Although capnography remains the gold standard for monitoring ventilation in patients undergoing general anesthesia and monitored anesthesia care (MAC), the technology is more challenging in nonintubated patients. In these situations, a noninvasive respiratory volume monitor may be helpful. One such monitor has been found to provide reliable measurements when capnography data are unavailable, and seems unaffected by end-tidal carbon dioxide (CO2) challenges such as nasal cannula placement, dilution with oxygen and mouth breathing.
“In patients who are not ventilated and have a nasal cannula or a face mask, capnography is not always accurate,” said Sujatha Pentakota, MD, an instructor in anesthesia at Brigham and Women’s Hospital, in Boston. “In those situations, we often rely on pulse oximetry, which is a very late indicator of respiratory depression, or subjective assessment. Given the shortcomings of pulse oximetry in these situations, we wanted to compare capnography with a newly developed respiratory volume monitor in these situations in patients receiving propofol-based sedation.”
The monitor—ExSpiron (Respiratory Motion Inc.)—provides continuous monitoring of minute ventilation, tidal volume and respiratory rate. The monitor has a sensor that goes across the patient’s chest.
Thirty-two patients (19 women; mean age, 49.4±16.4 years; body mass index, 26.1±6.3 kg/m2) were enrolled in this observational study; all were undergoing colonoscopy. The respiratory volume monitor and capnograph recorded simultaneous data. All patients underwent propofol-based MAC according to the institution’s standard of care, with variable use of midazolam and fentanyl. Baseline minute ventilation, tidal volume and end-tidal CO2 were determined during normal breathing before sedation.
For purposes of the trial, high end-tidal CO2 was defined as greater than 50 mm Hg or greater than 130% of baseline values. Low end-tidal CO2 was defined as less than 20 mm Hg or less than 70% of baseline values. Low minute ventilation was defined as less than 40% of baseline values. The investigators quantified the number of high and low end-tidal CO2 events that were preceded by low minute ventilation events. The clinical staff was blinded to the data from the respiratory volume monitor.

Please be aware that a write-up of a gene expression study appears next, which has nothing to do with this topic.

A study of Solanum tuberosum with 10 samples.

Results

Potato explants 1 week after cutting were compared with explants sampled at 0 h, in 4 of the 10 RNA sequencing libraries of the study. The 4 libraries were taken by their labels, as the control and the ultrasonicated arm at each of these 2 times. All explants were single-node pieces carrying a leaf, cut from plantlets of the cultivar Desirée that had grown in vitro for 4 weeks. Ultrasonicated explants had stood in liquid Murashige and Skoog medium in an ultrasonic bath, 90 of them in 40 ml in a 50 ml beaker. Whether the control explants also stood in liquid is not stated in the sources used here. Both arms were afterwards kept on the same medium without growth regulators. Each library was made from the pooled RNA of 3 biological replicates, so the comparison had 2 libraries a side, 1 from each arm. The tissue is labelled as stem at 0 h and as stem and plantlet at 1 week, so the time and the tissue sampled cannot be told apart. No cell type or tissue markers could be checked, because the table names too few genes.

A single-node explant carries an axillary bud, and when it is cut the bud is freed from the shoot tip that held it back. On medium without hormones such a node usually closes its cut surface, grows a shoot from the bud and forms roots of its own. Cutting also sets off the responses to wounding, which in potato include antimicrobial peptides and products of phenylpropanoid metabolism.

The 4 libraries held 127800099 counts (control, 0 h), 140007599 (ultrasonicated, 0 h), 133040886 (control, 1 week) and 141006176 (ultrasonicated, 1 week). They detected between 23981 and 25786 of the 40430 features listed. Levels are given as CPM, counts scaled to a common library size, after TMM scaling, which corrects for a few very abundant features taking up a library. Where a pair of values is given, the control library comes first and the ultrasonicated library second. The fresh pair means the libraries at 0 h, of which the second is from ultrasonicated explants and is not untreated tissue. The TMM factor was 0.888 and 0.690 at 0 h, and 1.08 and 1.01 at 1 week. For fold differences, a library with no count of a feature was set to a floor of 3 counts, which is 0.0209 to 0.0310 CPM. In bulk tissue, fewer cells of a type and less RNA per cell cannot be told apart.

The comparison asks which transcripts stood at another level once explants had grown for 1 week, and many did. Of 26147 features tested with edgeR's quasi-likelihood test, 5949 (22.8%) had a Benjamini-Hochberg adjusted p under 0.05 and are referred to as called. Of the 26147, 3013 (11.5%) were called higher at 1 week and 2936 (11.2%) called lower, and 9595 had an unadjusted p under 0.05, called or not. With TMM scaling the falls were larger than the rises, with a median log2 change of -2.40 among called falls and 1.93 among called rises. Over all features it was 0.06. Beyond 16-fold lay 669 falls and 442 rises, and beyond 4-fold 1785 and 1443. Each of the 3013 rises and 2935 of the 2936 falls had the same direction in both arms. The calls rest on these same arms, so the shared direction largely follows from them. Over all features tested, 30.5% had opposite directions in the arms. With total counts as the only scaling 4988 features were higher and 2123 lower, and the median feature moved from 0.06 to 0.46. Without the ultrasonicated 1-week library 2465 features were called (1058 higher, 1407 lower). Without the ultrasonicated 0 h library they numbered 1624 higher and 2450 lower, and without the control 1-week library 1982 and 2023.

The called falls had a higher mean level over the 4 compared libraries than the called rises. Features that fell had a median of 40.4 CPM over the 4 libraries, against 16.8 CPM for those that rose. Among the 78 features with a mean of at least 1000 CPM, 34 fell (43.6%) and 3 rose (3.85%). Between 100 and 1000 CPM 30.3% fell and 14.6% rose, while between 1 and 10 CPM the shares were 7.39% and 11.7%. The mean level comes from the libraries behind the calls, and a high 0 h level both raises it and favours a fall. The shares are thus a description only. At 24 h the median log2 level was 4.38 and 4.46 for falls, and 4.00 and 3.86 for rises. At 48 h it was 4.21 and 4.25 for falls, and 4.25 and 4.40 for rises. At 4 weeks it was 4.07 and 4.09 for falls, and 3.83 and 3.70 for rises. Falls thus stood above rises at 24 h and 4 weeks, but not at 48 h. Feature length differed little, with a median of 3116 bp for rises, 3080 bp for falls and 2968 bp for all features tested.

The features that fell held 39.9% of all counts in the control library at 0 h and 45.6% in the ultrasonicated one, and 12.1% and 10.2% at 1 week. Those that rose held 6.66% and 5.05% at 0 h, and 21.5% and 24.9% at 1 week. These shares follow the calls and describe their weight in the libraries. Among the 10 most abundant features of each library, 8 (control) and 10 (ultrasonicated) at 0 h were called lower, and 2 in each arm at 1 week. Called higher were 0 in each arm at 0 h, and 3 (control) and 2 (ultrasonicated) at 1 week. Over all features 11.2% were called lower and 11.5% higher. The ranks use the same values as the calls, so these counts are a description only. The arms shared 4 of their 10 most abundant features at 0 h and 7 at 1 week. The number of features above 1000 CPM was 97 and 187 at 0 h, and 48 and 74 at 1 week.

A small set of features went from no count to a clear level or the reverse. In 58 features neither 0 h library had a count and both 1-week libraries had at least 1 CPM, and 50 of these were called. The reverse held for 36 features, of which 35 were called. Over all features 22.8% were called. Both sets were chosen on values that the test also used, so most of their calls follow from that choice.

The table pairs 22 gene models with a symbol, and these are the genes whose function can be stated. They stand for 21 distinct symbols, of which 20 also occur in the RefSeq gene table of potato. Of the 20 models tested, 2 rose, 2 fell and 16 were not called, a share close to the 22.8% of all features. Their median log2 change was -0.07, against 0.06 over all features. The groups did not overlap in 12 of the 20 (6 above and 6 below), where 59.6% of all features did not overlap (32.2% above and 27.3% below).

Advantages Over Capnography
As Dr. Pentakota reported at the 2017 annual meeting of the American Society of Anesthesiologists (abstract A2312), patients were monitored for a mean of 32.1±15.1 minutes. They found that the capnograph reported end-tidal CO2 and respiratory rate data 96.1±0.9% and 94.5±1.1% of the time, respectively. By comparison, the respiratory volume monitor reported reliable minute ventilation, tidal volume and respiratory rate data 98.7±0.3% of the time (Figure).
The researchers also found that a total of nine high end-tidal CO2 events occurred across the study population. In each case, the high end-tidal CO2 event (capnography) was preceded by a low minute ventilation event (respiratory volume monitor) by an average of 9.4±4.0 minutes. Moreover, 30 low end-tidal CO2 events occurred. Of these, 28 were preceded by low minute ventilation events by an average of 3.4±0.8 minutes. The researchers noted that the two low end-tidal CO2 events that did not correspond to a change in minute ventilation were likely false alarms due to dilution with oxygen, system leak or cannula dislodgement.
These results, the researchers said, demonstrate that the respiratory volume monitor provides reliable measurements when capnography data are unavailable. What’s more, the novel device is not subject to capnography’s limitations of nasal cannula placement, oxygen displacement and mouth breathing. “So we think this would be a very good way to monitor patients who are getting opioids but don’t have an intubated airway,” Dr. Pentakota said.
“We also think it would be useful to distinguish airway obstruction and apnea,” she continued. “In both airway obstruction and apnea, you won’t have end-tidal CO2. But because the respiratory volume monitor uses a sensor that goes across the chest wall, you may see some minute ventilation because there’s still movement of air within the chest.
“In sum, we believe the respiratory volume monitor provides useful data that is similar to that provided by capnography, but has certain advantages that may make it a useful alternative to capnography.”
Session co-moderator J. Ross Renew, MD, an assistant professor of anesthesiology at Mayo Clinic in Jacksonville, Fla., asked about the monitor’s widespread applicability. “I’ve used this monitor before,” Dr. Renew said. “Are there specific patient populations in which it doesn’t necessarily work as well?”
“It can be difficult to place the sensor accurately in obese patients, especially obese women with large breasts and men with very hairy chests,” Dr. Pentakota said. “But I’ve found that in these cases the sensor can be placed both laterally and posteriorly. This helps quite a bit.”